The underwriters just created too many stocks. There's too many new companies, too many companies that help you with analytics, too many that offer video, too many data collectors and too many real-time analysis, and too many cybersecurity companies. There's been too many new electric vehicle derivatives, too many cannabis plays and way too many new fintechs.
The effect? We are now facing a bewildering number of companies that simply do the same things and can't be differentiated and, frankly, are too hard to understand unless you are deeply involved in the transfer of data from on your premises to the cloud.
Why does this matter?
Because these stocks are defenseless. They are defenseless against inflation because so many of them sell at a multiple to sales and any company that trades as a multiple to sales will see its value erode more quickly than any other in this stock market because the company has to graduate from a multiple to sales to a multiple of earnings, or just keep losing money. So many new investors have not experienced real inflation where these kinds of stocks can't be given away.
They are defenseless against an economic boom. I have been reading through countless software as a whatever with a go to market strategy and a huge TAM to land and expand, and my eyes glaze over. Who needs a company with all of those buzzwords that's growing at 27% and losing money when I have plenty of high quality industrials that are growing at 27% and spewing cash to the point the biggest issue is how much should be put to growth versus rewarding shareholders.
They are defenseless against older companies with a balanced policy toward dividends and buybacks, so that supply is mopped up while demand is bolstered by a yield. The land and expanders don't have anything backing them up which makes them vulnerable to sudden shocks down as we have seen.
They are defenseless against insider selling. If capital gains rates are going up, these are the companies with the most vulnerable stocks because so many of the people in these new companies have stocks that are still up substantially from when they got stock so a company with a stock down 30%-40% is vulnerable from scads of insider selling, including secondaries I am now expecting with increasing frequency.
They are defenseless against SPACs. While there are many good SPACs there are too many SPACs with too much stock sloshing around. I keep thinking about that MP Materials (MP) secondary offering in late March, where entities controlled by CEO James Litinsky sold 4.6 million shares of his company in a deal priced at $35. Now it is a small percentage of his holdings and many others involved with the company sold small amounts, too. That's not the point. It's more of a statement: this stock traded at $50. You might have been inclined to buy on the pullback but you would have been massacred as the stock is now at $27. If you have a so-called successful SPAC its success might be measured by how much money you took out of it before its stock fell by 50%. There are hundreds of things and when you consider all of the warrants out there, you know this market is going to be overwhelmed with this stuff.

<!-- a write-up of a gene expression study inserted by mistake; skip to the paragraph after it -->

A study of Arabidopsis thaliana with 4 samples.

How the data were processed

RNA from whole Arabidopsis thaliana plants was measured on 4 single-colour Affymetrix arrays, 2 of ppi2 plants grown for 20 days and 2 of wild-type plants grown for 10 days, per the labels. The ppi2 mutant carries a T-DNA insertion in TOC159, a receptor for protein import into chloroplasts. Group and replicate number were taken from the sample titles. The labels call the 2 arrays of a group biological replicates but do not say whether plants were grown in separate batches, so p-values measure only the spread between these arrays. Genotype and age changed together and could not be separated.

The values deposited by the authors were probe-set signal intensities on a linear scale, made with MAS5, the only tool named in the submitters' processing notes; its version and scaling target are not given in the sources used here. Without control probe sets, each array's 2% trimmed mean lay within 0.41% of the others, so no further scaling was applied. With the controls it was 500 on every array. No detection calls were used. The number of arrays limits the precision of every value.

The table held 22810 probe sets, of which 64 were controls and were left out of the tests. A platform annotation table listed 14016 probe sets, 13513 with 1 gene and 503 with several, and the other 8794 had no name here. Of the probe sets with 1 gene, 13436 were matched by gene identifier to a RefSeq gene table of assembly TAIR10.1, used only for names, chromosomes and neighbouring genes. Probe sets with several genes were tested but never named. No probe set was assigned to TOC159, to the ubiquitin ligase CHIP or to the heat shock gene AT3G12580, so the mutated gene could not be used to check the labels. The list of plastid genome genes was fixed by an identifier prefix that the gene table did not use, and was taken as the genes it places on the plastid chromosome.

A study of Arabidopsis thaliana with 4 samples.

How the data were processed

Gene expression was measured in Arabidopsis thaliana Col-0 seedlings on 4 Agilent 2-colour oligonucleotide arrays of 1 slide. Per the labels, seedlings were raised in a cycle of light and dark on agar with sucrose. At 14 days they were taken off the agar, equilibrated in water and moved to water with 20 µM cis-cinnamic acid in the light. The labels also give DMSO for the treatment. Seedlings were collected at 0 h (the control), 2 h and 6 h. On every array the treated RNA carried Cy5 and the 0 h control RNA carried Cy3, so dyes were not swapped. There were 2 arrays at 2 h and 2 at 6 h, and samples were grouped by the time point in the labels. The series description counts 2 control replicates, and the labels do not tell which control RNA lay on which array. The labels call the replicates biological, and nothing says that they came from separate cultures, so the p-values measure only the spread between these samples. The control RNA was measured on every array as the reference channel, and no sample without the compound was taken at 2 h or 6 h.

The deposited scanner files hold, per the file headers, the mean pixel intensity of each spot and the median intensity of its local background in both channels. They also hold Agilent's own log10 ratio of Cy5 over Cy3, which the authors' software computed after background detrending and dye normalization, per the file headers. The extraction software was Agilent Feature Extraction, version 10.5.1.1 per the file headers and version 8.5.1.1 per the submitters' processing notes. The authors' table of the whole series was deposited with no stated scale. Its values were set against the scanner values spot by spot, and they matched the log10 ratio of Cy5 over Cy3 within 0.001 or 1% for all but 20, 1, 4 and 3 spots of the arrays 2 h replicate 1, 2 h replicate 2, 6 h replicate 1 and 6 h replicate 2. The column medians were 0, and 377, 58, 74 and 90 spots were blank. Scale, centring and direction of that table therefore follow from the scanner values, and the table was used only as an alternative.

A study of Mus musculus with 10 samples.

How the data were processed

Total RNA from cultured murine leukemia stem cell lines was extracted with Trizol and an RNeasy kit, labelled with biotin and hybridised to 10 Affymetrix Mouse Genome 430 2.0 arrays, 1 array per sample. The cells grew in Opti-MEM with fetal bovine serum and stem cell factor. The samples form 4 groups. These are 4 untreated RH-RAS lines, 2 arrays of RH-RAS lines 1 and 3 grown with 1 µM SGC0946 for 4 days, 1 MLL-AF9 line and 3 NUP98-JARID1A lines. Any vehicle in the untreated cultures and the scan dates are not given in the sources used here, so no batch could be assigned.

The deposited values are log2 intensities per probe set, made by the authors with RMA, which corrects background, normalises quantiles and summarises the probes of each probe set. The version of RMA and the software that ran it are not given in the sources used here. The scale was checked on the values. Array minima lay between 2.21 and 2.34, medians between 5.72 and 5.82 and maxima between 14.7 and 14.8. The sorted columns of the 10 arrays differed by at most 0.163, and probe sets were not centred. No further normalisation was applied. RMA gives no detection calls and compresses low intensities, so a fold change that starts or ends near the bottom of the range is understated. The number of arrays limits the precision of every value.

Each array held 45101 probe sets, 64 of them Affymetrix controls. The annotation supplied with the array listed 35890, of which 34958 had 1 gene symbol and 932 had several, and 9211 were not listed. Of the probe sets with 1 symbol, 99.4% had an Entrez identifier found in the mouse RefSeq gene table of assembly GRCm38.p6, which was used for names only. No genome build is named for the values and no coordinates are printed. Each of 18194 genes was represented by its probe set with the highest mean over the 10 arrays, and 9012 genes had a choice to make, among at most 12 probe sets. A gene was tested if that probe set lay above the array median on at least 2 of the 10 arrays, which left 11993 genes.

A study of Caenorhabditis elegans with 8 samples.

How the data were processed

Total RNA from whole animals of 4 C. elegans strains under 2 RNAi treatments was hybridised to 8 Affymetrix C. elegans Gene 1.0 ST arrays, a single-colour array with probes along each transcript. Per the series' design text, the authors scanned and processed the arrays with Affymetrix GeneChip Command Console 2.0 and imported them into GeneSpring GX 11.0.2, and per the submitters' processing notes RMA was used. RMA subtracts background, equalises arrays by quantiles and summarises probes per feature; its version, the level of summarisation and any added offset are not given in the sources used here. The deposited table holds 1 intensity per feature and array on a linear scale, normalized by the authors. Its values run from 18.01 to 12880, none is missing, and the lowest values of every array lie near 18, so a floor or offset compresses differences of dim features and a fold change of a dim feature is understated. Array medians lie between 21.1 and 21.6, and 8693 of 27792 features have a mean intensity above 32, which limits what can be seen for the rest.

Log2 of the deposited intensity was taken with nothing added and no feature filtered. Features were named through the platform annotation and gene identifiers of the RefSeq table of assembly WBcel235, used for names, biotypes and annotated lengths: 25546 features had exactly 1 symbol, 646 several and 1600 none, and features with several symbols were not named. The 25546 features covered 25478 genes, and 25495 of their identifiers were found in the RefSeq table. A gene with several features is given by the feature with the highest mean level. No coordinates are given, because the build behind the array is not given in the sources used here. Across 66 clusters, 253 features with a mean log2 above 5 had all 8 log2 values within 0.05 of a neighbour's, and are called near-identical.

Now there are people out there willing to buy the incredibly almost stupidly risky stocks, people like Cathie Wood, who demonstrated her unflappable conviction to her method of buying stocks that worked when there's scarcity value but there's anything but that now.
Maybe she can take down tens of billions of dollars worth and save the day. I wouldn't count on it. I am sorry to question her stock picking, lord knows she's been amazing. But unless others copy her, we know the stocks she is buying resemble what's not working at all. Maybe someday, but not now.
I try to figure out what the end game for these stocks might be if the economy keeps heating up and inflation accelerates. There's simply not enough money from young people or ETFs based on high growth or Cathie Wood to keep these stocks higher, and there's too much opportunity for the insiders to do what MP did, something that crunched the stock even as it reported a quarter ahead of expectations, which meant something at one point but means absolutely nothing now. Nothing at all.